Addressing Thyroid Disease Naturally
Classic signs of thyroid hormone deficiency include fatigue, memory loss, cold hands and feet, muscle and joint pain, depression, high cholesterol, and constipation. Over the past 2 years, I have seen a large influx of patients that had been placed on thyroid hormones to treat the above symptoms. Many of these individuals responded well to thyroid hormone initially, but were no longer receiving as much benefit from its use. Furthermore, many of them continued to develop additional symptoms such as dry eyes, dry and bleeding nasal passages, and dry hair and skin. Most of them were also experiencing greater loss of hair.
What you should know about Thyroid Hormone Production:
Thyroid hormone production is under the influence of a chemical called thyroid stimulating hormone (TSH). TSH is made by the pituitary gland. When circulating levels of thyroxine (T-4) are low, TSH sends a message to your thyroid gland to start producing more T-4. The building blocks your body uses to make T-4 come from food constituents that we obtain from the diet (tyrosine - an amino acid from protein and certain minerals - iodine, zinc, etc). Once your body makes T-4, it must be activated by other nutrients (vitamins and minerals) into something known as T-31. T-3 is the active form of thyroid hormone that works to increase the body's metabolism. However, certain nutrient deficiencies and stress can lead to a reduction in T-3 and instead the production of Reverse T-3. This form of T-3 is not as effective and leads to symptoms of hypothyroidism. Unfortunately, Reverse T-3 is cannot be distinguished from T-3 in traditional thyroid lab reports and this is a common oversight by many physicians. Once T-3 is made it will attach to the nucleus inside your cells and increase the body's metabolism appropriately. Once again, however, certain nutrient deficiencies can decrease the responsiveness of our body's cells to T-3, causing symptoms of hypothyroidism. For these reasons lab reports commonly performed by physicians that look at TSH, T-4, and T-3, can be misleading. A simplified diagram of thyroid hormone production is listed below:
TSH Stimulates the thyroid gland to make T-4. T-4 Converts to either T-3 or Reverse T-3 (RT3). RT3 is inactive. Normal T-3 attaches to the cell nucleus. Once attachment of T-3 occurs the body's metabolism increases.
As if the above information were not complicated enough, there are also environmental factors that can also effect thyroid hormone production. Oral contraceptives and estrogen containing medications have been shown to reduce the conversion of T4 to T3. Many herbicides and pesticides contain estrogen mimicking compounds known to effect thyroid hormone production. Soy foods and sodas can cause a reduction in thyroid hormone. Certain food allergies and selenium deficiency are linked to autoimmune thyroid dysfunction3,4. Heavy metal exposure through air, water, dental fillings etc. have been linked to poor thyroid function.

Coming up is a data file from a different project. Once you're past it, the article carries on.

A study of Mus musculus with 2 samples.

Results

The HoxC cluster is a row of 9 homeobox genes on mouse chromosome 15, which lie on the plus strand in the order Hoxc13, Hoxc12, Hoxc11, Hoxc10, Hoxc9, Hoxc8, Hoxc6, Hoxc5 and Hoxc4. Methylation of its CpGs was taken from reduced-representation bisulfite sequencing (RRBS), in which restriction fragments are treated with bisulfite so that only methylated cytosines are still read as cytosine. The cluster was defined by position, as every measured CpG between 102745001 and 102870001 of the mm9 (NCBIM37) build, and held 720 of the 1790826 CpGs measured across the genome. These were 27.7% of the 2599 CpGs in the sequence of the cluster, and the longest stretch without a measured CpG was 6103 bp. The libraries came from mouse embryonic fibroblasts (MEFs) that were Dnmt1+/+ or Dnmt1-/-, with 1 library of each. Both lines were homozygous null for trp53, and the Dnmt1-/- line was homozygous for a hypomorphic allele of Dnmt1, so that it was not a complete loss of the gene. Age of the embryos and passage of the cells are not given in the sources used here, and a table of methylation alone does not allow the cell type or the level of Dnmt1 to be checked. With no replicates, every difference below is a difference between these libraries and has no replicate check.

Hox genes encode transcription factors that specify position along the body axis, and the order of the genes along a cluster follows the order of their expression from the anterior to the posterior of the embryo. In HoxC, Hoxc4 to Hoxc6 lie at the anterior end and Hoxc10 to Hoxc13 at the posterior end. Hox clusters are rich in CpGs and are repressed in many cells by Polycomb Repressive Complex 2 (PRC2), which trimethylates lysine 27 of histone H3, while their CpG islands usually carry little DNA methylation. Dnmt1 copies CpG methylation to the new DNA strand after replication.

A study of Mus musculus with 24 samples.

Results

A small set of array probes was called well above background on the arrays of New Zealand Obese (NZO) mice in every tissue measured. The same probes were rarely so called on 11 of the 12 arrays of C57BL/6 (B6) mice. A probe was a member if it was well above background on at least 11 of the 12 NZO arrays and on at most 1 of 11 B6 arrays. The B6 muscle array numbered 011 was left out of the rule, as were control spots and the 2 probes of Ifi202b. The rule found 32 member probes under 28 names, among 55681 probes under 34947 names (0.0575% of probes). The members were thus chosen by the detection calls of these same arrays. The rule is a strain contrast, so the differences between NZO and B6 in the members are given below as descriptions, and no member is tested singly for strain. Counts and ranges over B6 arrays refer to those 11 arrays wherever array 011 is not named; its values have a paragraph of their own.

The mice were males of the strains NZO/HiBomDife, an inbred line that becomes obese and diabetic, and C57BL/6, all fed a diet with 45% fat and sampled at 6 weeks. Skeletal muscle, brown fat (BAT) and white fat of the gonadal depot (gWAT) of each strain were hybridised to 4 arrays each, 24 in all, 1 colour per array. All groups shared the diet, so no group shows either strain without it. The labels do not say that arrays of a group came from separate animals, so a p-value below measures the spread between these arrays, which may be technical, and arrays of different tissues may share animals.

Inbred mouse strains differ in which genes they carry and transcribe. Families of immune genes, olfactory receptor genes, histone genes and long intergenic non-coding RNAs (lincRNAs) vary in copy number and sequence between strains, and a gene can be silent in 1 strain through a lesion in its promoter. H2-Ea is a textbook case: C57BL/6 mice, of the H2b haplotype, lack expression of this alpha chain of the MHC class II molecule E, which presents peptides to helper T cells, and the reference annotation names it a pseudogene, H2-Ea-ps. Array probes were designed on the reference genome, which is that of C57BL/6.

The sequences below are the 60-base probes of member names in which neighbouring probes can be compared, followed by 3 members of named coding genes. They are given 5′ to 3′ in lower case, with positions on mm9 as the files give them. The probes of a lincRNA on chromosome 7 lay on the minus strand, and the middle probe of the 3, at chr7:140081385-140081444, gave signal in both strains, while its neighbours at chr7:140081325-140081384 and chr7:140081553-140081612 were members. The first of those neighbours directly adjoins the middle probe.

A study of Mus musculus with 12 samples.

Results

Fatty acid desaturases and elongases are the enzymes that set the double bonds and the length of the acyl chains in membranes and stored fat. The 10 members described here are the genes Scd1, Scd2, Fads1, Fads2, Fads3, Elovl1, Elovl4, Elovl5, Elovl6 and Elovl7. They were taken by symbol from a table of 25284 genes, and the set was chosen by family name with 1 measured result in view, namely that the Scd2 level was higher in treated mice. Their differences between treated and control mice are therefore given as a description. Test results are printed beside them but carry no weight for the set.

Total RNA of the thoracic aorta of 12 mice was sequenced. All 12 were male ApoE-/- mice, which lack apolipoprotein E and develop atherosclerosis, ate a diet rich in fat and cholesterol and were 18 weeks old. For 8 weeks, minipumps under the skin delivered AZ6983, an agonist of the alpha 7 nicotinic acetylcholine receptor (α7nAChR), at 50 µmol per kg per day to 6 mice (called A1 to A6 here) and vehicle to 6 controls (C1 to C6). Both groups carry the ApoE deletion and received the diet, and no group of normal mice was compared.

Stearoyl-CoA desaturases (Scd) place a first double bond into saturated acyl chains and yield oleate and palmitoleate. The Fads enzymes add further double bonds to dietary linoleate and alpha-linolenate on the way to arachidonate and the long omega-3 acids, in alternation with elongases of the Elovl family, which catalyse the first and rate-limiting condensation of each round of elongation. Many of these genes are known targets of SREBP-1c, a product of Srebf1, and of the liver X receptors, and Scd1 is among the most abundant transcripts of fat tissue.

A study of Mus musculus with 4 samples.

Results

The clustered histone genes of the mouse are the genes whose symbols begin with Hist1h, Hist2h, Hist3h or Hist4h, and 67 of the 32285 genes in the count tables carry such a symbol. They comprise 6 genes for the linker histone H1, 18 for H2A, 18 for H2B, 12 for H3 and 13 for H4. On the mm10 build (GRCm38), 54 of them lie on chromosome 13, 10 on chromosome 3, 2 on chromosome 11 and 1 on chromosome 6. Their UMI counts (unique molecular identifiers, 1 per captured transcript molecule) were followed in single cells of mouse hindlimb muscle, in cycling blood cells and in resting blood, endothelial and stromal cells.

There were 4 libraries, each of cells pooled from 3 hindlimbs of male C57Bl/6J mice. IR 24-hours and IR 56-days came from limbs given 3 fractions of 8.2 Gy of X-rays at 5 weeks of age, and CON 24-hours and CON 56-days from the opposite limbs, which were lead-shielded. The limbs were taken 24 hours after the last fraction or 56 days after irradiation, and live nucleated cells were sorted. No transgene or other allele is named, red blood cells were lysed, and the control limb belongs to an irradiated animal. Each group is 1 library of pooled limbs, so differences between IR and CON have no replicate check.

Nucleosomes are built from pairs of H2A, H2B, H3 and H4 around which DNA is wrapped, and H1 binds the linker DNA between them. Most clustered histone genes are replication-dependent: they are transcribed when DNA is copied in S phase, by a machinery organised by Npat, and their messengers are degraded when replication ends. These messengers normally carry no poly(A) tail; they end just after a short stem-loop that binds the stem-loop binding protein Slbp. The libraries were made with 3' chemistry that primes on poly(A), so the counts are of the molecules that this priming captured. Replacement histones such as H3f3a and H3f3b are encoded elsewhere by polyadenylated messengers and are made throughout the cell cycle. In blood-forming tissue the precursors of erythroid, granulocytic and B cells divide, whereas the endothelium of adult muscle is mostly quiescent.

Remember that thyroid disease is never just as simple as taking a medication whether it is bio-identical or not. Thyroid dysfunction has a cause. An astute physician will take an active roll in care and seek to perform a comprehensive exam and laboratory work up that will identify the cause. Keep in mind that your body has the ability to make its own thyroid hormone providing that all the essential nutrients necessary are present in the diet or through supplementation, providing that the environment is conducive to the expression of good health, and providing that the individual is properly educated in the care of his/her body. Many patients that come to me initially are taking some form of thyroid medication. Many were instructed that the medication was a life long necessity. And in many it is very common that the medication becomes unnecessary.
1. Moncayo R, et al. The role of selenium, vitamin C, and zinc in benign thyroid diseases and of selenium in malignant thyroid diseases: Low selenium levels are found in subacute and silent thyroiditis and in papillary and follicular carcinoma. BMC Endocr Disord. 2008 Jan 25;8:2.
2. Pansini F, et al. Effect of the hormonal contraception on serum reverse triiodothyronine levels. Gynecol Obstet Invest 1987;23:133.
3. Mazokopakis EE, et al. Effects of 12 months treatment with L-selenomethionine on serum anti-TPO Levels in Patients with Hashimoto's thyroiditis. Thyroid 2007 Jul;17(7):609-12.
4. Negro R, et al. The influence of selenium supplementation on postpartum thyroid status in pregnant women with thyroid peroxidase autoantibodies. J Clin Endocrinol Metab 2007 Apr;92(4):1263-8. Epub 2007 Feb 6.